Sunday, June 24, 2007

Camp and Emma's Baptism

Sunday we had worship at St Petri, Oak Park, and Nazareth.

Today was a big day for Jeremy, Matthew, and Louisa. Camp Day! It's Louisa's first time at Bible Camp. They're all excited. It was a devoted chaos getting ready so that Mary could drive them down to Luther Island Camp, where the ELS Camp Indianhead is held this year.

We weren't able to get Mat a digital camera, he'll just have to make due with the two disposable's Mary bought him. If I can, I may scan a few in if they want to tell their camp stories.

Mid afternoon was Emma Amanda Mae N.'s baptism. The photo has Emmas' parents and older brother with Emma's sponsor/witnesses.

Here's something for Confessional Lutheran Pastors to chew on. What is Sponsorship? Three decades ago and further back the sponsors would become the guardians of the child should his/her parent die. Not so any more. Parents need to have a will in place and the general knowledge of who the guardians of their children will be. Baptismal sponsorship plays no role in the court's decision on guardianship. So, what kind of vows can a Confessional Lutheran Pastor legitimately ask the sponsors to take upon themselves without making the sponsors swear a false oath?

Mary and I have Char and Dave as the sponsors for all of our children and they are in our will as our children's guardians should we die. Our family knows this and accepts this. But sponsorship has become a way to honor friends and family members these days. At best, sponsors can serve as witnesses to the baptism and may be asked to encourage the child to persist in learning the Gospel of Christ.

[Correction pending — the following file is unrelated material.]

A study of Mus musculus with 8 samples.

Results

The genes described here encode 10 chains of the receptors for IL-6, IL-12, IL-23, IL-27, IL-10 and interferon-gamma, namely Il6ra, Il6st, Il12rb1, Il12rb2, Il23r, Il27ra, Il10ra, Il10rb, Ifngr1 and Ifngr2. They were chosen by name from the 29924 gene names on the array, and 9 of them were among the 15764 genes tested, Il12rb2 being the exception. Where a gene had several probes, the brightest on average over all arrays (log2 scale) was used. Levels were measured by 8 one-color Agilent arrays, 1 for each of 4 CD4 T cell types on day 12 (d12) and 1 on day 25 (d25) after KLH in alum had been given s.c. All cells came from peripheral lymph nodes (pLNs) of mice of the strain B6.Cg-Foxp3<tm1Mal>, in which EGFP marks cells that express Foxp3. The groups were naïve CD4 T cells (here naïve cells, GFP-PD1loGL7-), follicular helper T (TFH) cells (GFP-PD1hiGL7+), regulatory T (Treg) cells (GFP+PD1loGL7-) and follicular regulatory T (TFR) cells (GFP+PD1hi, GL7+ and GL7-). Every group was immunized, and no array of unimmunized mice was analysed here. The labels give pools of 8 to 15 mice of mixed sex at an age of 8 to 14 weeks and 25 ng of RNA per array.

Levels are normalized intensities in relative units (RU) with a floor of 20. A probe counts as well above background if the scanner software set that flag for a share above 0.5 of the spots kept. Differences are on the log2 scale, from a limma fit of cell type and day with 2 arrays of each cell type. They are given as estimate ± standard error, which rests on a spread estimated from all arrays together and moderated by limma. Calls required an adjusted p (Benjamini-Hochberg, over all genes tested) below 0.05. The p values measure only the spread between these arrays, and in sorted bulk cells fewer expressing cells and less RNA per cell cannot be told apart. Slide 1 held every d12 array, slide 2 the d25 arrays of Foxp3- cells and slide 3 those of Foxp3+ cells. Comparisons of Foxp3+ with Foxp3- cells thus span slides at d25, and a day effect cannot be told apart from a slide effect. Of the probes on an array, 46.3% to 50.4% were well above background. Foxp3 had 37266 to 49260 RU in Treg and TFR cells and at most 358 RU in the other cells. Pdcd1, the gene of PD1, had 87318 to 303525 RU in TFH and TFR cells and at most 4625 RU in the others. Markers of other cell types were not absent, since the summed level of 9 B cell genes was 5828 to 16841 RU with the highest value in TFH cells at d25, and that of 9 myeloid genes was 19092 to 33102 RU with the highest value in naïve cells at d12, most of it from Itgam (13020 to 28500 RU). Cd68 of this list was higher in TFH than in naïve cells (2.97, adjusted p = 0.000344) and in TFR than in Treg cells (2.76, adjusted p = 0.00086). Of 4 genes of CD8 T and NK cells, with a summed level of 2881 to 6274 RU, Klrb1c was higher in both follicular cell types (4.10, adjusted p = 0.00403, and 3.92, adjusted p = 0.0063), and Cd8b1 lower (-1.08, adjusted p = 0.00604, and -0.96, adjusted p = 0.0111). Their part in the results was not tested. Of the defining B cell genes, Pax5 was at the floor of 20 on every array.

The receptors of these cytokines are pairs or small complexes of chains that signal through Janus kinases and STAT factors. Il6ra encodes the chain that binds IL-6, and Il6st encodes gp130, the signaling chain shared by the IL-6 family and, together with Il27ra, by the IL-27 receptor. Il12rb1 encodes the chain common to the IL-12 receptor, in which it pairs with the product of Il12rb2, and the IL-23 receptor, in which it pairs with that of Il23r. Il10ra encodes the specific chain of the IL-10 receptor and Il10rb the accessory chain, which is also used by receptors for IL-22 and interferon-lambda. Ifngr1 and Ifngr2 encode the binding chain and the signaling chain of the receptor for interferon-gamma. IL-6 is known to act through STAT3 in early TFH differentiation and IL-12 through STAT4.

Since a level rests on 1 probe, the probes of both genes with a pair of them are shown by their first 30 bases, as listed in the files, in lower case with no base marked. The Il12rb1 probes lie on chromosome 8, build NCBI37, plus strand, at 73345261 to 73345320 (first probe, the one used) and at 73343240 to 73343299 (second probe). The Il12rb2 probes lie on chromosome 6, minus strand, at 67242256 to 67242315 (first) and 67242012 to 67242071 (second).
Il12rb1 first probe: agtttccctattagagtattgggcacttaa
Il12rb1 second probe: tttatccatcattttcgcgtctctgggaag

The problem is that we live in a pagan society, no matter how many polls show how religious the U.S.A. is.

So, do sponsors have to be of the same confession of faith as the child? Well, if the sponsors are not Christians they can only serve as witnesses, they cannot be bound to raise the child in the Christian faith. So, yes, the sponsors should be Christians. Should the sponsors be Lutheran? Well, if the sponsors deny the means of grace (as do most of the protestant and reformed denominations) there is no sense in having them serve as anything more than witnesses to the baptism. Should the sponsors be of the exact same confession and fellowship as the baptized child? What are we asking the sponsors to do? Especially consider the vows that some ask of sponsors if the parents should die. Can any sponsor reasonably be expected to keep such a vow? Only if they are the legally appointed guardians as well.

Some pastors have split families and congregations on fellowship issues with regard to baptismal sponsors and demanded oaths of sponsors that they cannot truly be expected to fulfill. Unless the sponsors are the legal guardians as designated in the parents' will, there is no need to treat sponsors as anything other than witnesses. And there is nothing other than sin to ask the sponsors to swear about ensuring the child is raised in the Lutheran Faith if the sponsors do not have the legal authority to do this.

For the Confessional Lutheran Pastors out there, how many of the sponsors you have asked to swear such oaths before God and His Church are realistically able to perform their oaths? Sponsorship is not a teaching of Scripture, there is no need to split a congregation or family over it, nor is there a need to cause people to swear falsely. Treat baptismal sponsors as witnesses to the baptism unless you know for sure that those sponsors are the legal guardians of the child and have the ability to perform what the oaths demand of them.